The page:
Photo by Laurence Niolle
Hi and welcome!

Simplicity in capture and creativity is what I strive for, but this blog is for ramblings, previews and catch-ups. Please enjoy and join in!


With only in the region of 120 free roaming desert adapted lion remaining in Namibia, and the increase in incidents of human-animal conflict on the rise, Dr Philip Stander of Desert Lion Conservation, tracks and monitors these unique animals.
  Over the past few months conflict between the lions and farmers in the Kunene region of Namibia has reached a peak, with farmers' patience tried to the limit. With the drought lions stray into farming areas and cattle are in the core wildlife areas. Losing 10 cattle means ruin for a small farmer.
  Flip Stander and Garth Owen-Smith, of IRDNC, and are attempting to manage the lion emergency; liasing with communities, the Ministry of Environment and Tourism and tourism operators. Benefits from tourism to the area are long term and the predation of their animals immediate.
  Money is urgently needed for the erection of kraals and more collars, so that lions can be tracked in real-time and farmers alerted as to their position. Dr Stander relies solely on donations from the public and support from local tourism operators,these can be made by contacting  logistics@desertlion.info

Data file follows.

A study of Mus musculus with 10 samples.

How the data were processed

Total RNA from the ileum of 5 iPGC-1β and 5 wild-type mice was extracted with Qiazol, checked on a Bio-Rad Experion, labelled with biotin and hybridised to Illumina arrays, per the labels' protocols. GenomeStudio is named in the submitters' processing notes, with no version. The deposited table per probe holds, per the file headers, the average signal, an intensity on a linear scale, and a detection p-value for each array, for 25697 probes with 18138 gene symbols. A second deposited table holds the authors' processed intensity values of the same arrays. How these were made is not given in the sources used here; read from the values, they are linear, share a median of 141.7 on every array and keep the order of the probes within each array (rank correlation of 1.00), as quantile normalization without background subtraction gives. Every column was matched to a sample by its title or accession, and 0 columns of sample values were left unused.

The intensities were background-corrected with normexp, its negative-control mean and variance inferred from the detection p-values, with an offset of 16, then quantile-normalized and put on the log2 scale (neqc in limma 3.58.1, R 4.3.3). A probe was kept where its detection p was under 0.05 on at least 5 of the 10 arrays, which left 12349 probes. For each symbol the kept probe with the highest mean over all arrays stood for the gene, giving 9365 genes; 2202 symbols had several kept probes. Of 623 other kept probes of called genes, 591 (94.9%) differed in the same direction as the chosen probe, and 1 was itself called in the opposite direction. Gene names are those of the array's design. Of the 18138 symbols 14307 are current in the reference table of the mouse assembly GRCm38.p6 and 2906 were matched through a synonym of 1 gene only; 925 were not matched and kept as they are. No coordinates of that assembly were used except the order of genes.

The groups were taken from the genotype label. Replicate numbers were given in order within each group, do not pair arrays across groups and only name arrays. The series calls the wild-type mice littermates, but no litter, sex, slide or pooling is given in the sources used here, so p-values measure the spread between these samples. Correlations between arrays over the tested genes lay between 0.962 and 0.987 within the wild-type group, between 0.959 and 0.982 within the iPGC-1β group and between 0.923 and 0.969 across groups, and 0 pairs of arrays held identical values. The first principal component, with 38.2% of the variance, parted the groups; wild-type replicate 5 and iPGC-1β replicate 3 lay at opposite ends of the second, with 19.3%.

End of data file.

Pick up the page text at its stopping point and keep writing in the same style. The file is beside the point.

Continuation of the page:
Dr Stander has devoted his life's work and resources to researching the desert adapted lions of Namibia, managing human-animal conflict in an environment of sustainable tourism. 
With her pharmacy equivalent and open-air consultation area at her home, she went about her consultations without me feeling intrusive in any way. Referring to me as her colleague (not too sure how I feel about that), she met with her patients with a lot of chanting, throwing of bones, lion claws and various other artefacts, for lack of a better word.
She was the real deal and despite having being told we would be visiting, did nothing other than what she does every day. Psychosomatic stuff? Whatever. Western medicine works pretty much the same way, though without the lion claw. Still wondering where she got that!
As a morning activity from Pafuri Camp in Kruger National Park, I'd recommend this and next time I'll take her up on her offer to 'do' me. Perhaps.

Great photos (and story) Olwen!

This video includes the elephants holding us captive in the canyon - just a couple of meters from them and some charging over the GoPros and actually toucging one of the cameras, changing the angle - resulting in underbelly shots!


Very nice wish i could go again

Susan Proctor Hume:

This is the best footage I have seen of Ellie's. Wow!

As colourful as her door and what a lovely, hospitable lady! Mondesa township, Swakopmund, Namiba.

Traditionally cattle-herding pastoralists, Herero dress was influenced by the Western culture of German missionaries in the late 19th and early 20th centuries.